Sometimes, you need to sell your house to find your home.

I met with a wonderful client today to discuss selling her home and what my analysis showed its market value to be. She lives here in Kirkland, Quebec. She called me after getting one of my nifty postcards, saying it was unlike any other she had seen from a Montreal real estate broker (mission accomplished!).

As we spoke, it became clear that she had outgrown her home. The things that had appealed to her when she bought it — big home, quiet neighbourhood, away from the action, young families around — now imprisoned her, in a way. Her days of raising little ones were over. Her grown daughter had a life of her own. She herself had developed interests and hobbies that weren’t there when she bought her home some 20 years ago. She wanted more action around her, cafés and people and shopping and the water. She wants Pointe Claire Village, that much is clear.

But she and her husband had lovingly — and expensively — updated parts of their home over the years. And she was hoping to get that money back when it came time to sell.

It got me to thinking that, sometimes, you need to throw what seems like common sense, as well as the opinions of others, and what you may have been led to believe is the “right” thing to do RIGHT OUT THE WINDOW and do what’s good for you.

Six years ago, my husband was painting the garage of our home when my girlfriend called and said, “Hey, I know you’re not looking at all, but my next door neighbour’s house is going on the market. Why don’t you just come and see it?” Me to my hubby: “Sweetheart, we’re not going to buy it, obviously, but let’s just go have a look to make her happy.”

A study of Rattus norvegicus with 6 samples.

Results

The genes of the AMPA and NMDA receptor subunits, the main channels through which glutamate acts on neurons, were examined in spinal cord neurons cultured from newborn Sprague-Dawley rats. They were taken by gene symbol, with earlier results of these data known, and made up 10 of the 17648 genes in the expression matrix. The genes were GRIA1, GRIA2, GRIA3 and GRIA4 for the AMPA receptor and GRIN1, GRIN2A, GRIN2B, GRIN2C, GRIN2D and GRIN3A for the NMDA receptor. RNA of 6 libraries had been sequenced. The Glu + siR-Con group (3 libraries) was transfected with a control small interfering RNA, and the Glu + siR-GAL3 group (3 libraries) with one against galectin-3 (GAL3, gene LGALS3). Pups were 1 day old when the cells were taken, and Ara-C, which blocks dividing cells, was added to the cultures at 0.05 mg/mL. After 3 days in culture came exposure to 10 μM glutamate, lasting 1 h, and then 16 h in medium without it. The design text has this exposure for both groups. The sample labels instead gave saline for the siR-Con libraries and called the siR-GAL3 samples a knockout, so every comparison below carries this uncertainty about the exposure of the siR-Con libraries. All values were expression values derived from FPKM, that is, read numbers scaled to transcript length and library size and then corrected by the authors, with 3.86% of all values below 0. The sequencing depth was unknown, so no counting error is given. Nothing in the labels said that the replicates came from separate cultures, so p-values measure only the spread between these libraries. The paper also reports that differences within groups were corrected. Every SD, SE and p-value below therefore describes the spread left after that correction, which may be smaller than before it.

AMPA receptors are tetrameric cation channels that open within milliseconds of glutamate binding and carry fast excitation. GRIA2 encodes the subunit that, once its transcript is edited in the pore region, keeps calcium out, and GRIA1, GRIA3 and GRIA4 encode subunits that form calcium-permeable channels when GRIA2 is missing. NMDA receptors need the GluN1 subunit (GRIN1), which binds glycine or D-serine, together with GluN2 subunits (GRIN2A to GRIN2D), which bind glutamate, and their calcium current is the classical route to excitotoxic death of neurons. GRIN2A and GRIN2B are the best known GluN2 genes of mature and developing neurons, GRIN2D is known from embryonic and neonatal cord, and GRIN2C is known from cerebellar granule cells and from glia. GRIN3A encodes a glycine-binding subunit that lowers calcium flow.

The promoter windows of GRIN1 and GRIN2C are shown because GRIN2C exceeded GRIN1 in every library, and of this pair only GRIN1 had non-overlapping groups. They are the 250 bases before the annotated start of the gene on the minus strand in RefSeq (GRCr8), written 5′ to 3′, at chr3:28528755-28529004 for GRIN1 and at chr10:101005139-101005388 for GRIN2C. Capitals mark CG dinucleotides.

So we did.

And we’ve lived there ever since.

We weren’t planning to move. But the allure of the quality of life this place could offer … which our then-home could not … was so appealing: quiet cul-de-sac within a cul-de-sac, no traffic, loads of kids the same age as ours playing outside, friendly neighbours who actually chatted with each other, zoning for a great school, close to parks and the bicycle path, easy access to the highway — just to name a few.

So we took the plunge.

Despite the increased cost — which we could afford, in the end.

Despite the hassle — I’m NEVER moving again.

Despite the contravention of common wisdom that says you should stay in a house for many, many years — which we chose to rebel against, and took major flak for.

Despite the resistance we encountered from people who said, “Why wouldn’t you be happy where you are?” — Because we knew we could be happier where we were not!

Sometimes, you’ve gotta make the decision that’s right for you, the one that will warm your heart, that will bring out the best in you (or maybe just bring out other parts of you that have not yet blossomed), that will help you lead the kind of life that soothes your soul, wraps around your shoulders like a comfortable blanket on the beach in front of a bonfire at night, and says to you, “You’re home.”

What feels like home changes over the course of our lives, as our lives change. And sometimes we think, do I need to sell my house and find a new home.